The Brian Jonestown Massacre


by Cole Waterman

23 May 2012

A theme of deliberate confusion runs throughout Aufheben's 11 songs. Hell, even dubbing them “songs” is a bit of misnomer, as structure is largely forsaken for instrumental pastiches and all-enveloping grooves.
cover art

The Brian Jonestown Massacre


US: 1 May 2012
UK: 30 Apr 2012

It’s nothing short of fitting that the Brian Jonestown Massacre’s new album carries an indefinable title. Scratch that — it’s not that Aufheben lacks a definition, but that it has too many, all of which seem to contradict one another. The German word, alternately translatable as “to abolish” or “to ascend”, among others, is perfectly suited as a banner draped across the group’s latest effort, rife as it is with experimental abstruseness.

The band has always been the baby of frontman-ring leader Anton Newcombe, and with Aufheben, he truly flexes (and strains) his creative muscle. Think of the work as a whole as towing Newcombe’s party line of Indian-brand psychedlia, but filtered by way of Germany (the album was recorded in Berlin, after all).  There is a theme of deliberate confusion throughout the record’s 11 songs. Hell, even dubbing them “songs” is a bit of misnomer, as structure is largely forsaken for instrumental pastiches and all-enveloping grooves. Lyrics likewise are mostly obscured through abundant layering, marble-mouthed mutterings and an plethora of singing in other languages (Finnish, German, French). Newcombe’s voice doesn’t appear in its native tongue of English until the fifth track, “I Want to Hold Your Other Hand” (What?  You thought you could get through an entire BJM album without the token Beatles reference?  At this point, it’s obvious Newcombe can’t help himself).  Meaning falls by the wayside in favor of mood and atmosphere, ethereal and dreamlike as the album sounds like the soundtrack to a Zazen mediation session or some New Age trip-out.

Instrumental “Panic in Babylon” opens the album with a distorted trumpet buzz, flitting about with the menace of a swarm of bees, tempered by acoustic strumming that arrives like a breeze sweeping the threat out to sea.  An array of jungle sounds, carnivore growls and primate howls man the song’s backdrop, making it appropriately earthy and disorienting. The next song “Viholliseni Maalla” breezes in like a hefty sigh, languidly brushing the air as guest vocalist Eliza Karmasalo offers some Finnish intonations.

The staple BJM instruments — sitar, marimba, flutes — continue to abound, often merging with the foreign vocalizations. Take “Gaz Hilarant”, for example, in which Newcombe’s drunken zombie moans serve as just another piece of his auditory puzzle. “Face Down on the Moon” lacks vocals of any kind, yet is quite evocative in its interplay between sitar and whimsical flute. One hallmark that doesn’t falter is the underbelly of strained, Velvet Underground-esque electric guitars vibrating and twanging throughout, serving as the bedrock on most songs (see “The Clouds are Lies” and “Stairway to the Best Party in the Universe” in particular) and sounding like a nest of frenzied rodents screeching behind the walls. With this level of focus on the music itself the BJM veers a bit into Meddle-era Pink Floyd here.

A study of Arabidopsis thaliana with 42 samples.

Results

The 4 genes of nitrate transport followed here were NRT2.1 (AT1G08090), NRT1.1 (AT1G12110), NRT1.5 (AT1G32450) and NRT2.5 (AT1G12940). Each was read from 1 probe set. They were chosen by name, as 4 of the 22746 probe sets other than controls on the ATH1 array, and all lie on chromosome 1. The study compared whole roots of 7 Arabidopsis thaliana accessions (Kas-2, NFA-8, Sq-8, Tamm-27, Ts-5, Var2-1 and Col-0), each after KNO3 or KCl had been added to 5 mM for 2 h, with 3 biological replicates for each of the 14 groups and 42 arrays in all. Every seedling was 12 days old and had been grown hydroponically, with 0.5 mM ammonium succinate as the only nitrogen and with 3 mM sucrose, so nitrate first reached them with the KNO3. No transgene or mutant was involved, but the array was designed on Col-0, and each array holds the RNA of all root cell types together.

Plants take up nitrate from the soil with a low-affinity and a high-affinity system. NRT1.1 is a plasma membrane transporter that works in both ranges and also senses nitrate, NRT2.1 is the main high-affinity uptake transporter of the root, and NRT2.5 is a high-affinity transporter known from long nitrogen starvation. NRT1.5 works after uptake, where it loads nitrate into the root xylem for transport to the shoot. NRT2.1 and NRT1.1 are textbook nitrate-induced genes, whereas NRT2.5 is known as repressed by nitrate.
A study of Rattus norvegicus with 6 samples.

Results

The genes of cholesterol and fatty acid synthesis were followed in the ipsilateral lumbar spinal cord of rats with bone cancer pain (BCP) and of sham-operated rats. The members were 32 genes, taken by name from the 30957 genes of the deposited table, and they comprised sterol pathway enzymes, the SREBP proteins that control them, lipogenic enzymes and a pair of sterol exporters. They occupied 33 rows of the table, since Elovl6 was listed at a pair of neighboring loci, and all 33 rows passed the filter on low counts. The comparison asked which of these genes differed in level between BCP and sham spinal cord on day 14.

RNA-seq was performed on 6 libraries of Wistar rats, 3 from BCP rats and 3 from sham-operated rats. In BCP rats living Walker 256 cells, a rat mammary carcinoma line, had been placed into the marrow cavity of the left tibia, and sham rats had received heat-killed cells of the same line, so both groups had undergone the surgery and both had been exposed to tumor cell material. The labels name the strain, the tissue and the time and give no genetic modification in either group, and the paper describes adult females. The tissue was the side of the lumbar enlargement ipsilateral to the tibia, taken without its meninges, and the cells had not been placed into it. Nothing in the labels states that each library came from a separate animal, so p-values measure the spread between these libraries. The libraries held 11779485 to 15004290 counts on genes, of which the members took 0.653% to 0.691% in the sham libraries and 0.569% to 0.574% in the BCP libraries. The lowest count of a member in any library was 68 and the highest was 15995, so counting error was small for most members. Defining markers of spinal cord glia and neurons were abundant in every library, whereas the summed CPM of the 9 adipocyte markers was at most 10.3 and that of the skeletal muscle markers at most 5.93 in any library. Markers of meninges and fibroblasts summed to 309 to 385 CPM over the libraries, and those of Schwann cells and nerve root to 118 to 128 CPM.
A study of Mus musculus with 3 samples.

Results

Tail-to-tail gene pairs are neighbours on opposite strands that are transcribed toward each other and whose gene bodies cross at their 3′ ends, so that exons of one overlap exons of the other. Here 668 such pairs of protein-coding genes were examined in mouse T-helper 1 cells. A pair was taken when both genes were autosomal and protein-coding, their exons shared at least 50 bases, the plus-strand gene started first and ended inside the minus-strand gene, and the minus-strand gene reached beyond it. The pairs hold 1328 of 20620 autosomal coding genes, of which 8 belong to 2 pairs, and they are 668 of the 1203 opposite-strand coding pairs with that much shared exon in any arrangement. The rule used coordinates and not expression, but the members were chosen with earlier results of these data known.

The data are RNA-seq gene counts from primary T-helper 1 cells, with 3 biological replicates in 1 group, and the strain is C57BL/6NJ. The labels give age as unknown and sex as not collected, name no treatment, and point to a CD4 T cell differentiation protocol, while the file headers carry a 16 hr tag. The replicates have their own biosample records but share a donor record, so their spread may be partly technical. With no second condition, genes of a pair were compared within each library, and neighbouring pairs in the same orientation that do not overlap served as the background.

Penultimate “Waking Up to Hand Grenades” opens with a downright mystical glimmer of woodwinds and dainty harpsichord notes, sounding as though it ought to accompany the scene of a fawn or satyr prancing through a glen. This proves a misdirection when a swaggering drumbeat kicks into gear. “We’re taking over / ‘Cause our time is here”, Newcombe sings amid the kaleidoscope, his indefatigable cocksureness still making its way through the haze. The album closes with the morosely optimistic “Blue Order / New Monday” (again, Newcombe and his tongue-in-cheek references), an oddly trip-hop influenced number, hypnotic in its repetitiveness. It goes on far too long at more than seven minutes, but the warm melody and Newcombe’s breathy vocals can’t help but impart you with a level of comfort.

That comfort, rather than reinvigorated excitement, is what longtime Massacre fans will find Aufheben offers.  That objective seems to be exactly what Newcombe and company aimed for, the concern of appealing to new audiences long since evaporated.  The work stands as one of the ensemble’s most experimental, yes, but in that sense, it might end up considered something of a novelty in their discography, an album you put on to relax to and float away with more than anything else.